There are two sides to every proposition and the subject of attaining immortality is no exception.  Here are some common reasons that various naysayers come up with when broached with the question “Do you want to live forever?”  Some reasons may be trivial or outright fallacious to begin with while some may actually have some merit to it and would essentially be viable for future studies.

  1. Evolution Humans are continually evolving and, sooner or later, a lone immortal person may suffer from social and reproductive isolation as the population around him starts to evolve into something more advanced after about a million years from now.  Safety and security may also be a concern as a more evolved version of the human race may see the immortal individual as an oddity and seek to capture it.
  2. Mental aging.  A person’s memory degrades as he gets older. The brain has a limited ability to store and recall memories and memories tend to pile up as people age over the decades.  Memories may be stored as time goes on, but recall gets a lot more difficult as the traces of events or learning that has happened in the past get in the way of remembering new material or memories.
  3. The possibility of being trapped for an indefinite period of time, i.e. in cases of accidental immurement or burial.
  4. Overpopulation.  An immortal population will hypothetically create stress on its proximal environment due to overconsumption of natural resources and increasing demand for shelter and the fulfillment of basic social wants and needs. One way to deal with this dilemma is to undergo what is called generational cleansing, a form of voluntary euthanasia done by a more senior population to pave the way for a younger generation to act as leaders in their middle age, has been opined by John Harris in his paper “Immortal Ethics,” published in the Annals of New York Academy of Sciences in 2004.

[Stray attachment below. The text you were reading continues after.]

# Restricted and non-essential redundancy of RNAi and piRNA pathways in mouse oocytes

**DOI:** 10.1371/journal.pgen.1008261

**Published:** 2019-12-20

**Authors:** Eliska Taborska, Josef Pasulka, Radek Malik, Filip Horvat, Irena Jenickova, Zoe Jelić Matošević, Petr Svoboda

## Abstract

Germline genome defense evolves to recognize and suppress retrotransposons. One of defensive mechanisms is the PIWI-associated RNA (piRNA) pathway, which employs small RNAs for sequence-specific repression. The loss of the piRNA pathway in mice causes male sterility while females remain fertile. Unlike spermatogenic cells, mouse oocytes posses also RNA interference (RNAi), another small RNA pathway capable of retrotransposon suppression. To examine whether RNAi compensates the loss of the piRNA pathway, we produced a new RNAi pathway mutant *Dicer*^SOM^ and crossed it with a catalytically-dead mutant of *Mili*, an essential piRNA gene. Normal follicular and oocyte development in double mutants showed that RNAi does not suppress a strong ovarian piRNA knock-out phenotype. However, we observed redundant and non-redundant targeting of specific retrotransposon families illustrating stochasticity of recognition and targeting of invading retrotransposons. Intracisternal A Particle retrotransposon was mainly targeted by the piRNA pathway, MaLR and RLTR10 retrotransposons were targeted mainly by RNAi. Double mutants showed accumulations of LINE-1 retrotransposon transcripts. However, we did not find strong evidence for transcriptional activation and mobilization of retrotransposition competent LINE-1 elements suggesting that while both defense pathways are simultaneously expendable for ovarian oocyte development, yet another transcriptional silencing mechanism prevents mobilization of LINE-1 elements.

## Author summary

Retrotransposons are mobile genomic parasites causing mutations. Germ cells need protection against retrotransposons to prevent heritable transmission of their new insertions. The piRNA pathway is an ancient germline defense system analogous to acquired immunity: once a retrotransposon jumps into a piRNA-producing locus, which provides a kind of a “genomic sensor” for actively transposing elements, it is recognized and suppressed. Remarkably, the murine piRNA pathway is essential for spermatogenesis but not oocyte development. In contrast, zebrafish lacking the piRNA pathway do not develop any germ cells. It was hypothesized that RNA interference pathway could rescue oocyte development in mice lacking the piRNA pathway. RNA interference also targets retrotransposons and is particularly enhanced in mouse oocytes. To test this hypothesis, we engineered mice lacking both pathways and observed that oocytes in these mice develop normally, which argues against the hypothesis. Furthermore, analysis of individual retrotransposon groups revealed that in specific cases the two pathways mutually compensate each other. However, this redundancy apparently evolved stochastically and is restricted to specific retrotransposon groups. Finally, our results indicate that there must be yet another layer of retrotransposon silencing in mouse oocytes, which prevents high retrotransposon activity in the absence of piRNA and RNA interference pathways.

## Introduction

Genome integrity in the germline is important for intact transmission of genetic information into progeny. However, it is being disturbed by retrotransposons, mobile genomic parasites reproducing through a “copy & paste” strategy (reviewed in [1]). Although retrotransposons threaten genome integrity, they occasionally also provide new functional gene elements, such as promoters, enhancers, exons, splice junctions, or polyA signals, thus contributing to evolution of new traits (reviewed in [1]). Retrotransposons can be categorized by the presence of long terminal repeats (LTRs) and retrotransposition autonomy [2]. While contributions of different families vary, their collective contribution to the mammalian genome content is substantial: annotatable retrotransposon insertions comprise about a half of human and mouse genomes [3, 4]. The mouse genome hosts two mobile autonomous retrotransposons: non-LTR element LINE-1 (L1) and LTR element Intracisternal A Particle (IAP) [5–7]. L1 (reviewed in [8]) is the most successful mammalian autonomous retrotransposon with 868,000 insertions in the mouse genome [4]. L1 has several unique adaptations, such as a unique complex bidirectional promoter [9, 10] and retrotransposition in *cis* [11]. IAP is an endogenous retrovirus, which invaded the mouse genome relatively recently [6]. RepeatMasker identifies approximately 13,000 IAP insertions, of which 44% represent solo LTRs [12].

5. Abject boredom and stagnation.  Even at this stage, there are concerns that a person may get tired or weary at his current state of life particularly when he starts to succumb to the monotony of his activities and his overall routine, and runs out of new things to do. The resulting sense of despondency and ennui may pave the way for the immortal entity to long for death in the long run as there would be no other purpose left to live for.
  6. The immortality divide.  The availability of immortality on a mass scale can aggravate the presently growing divide between the rich and the poor, the haves and the have-nots. The technology would readily be accessible to the affluent and to those who can afford the service, prolonging and enhancing their power and influence in the course of centuries. Those who cannot afford it, however, could not compete with such odds considering their dwindling choices to compete economically against an immortal elite class, thereby stagnating the free market.
  7. War and suffering will still be there.  Immortality does not necessarily equate to peace and prosperity, nor does it translate to invincibility. Humans have been known to wage war and kill each other for various reasons, and immortality simply creates an avenue for individuals to witness more of such horrors in their indefinite lifetimes. Depression and psychological trauma resulting from such adversities and experiences will still be present despite the advent of biological immortality.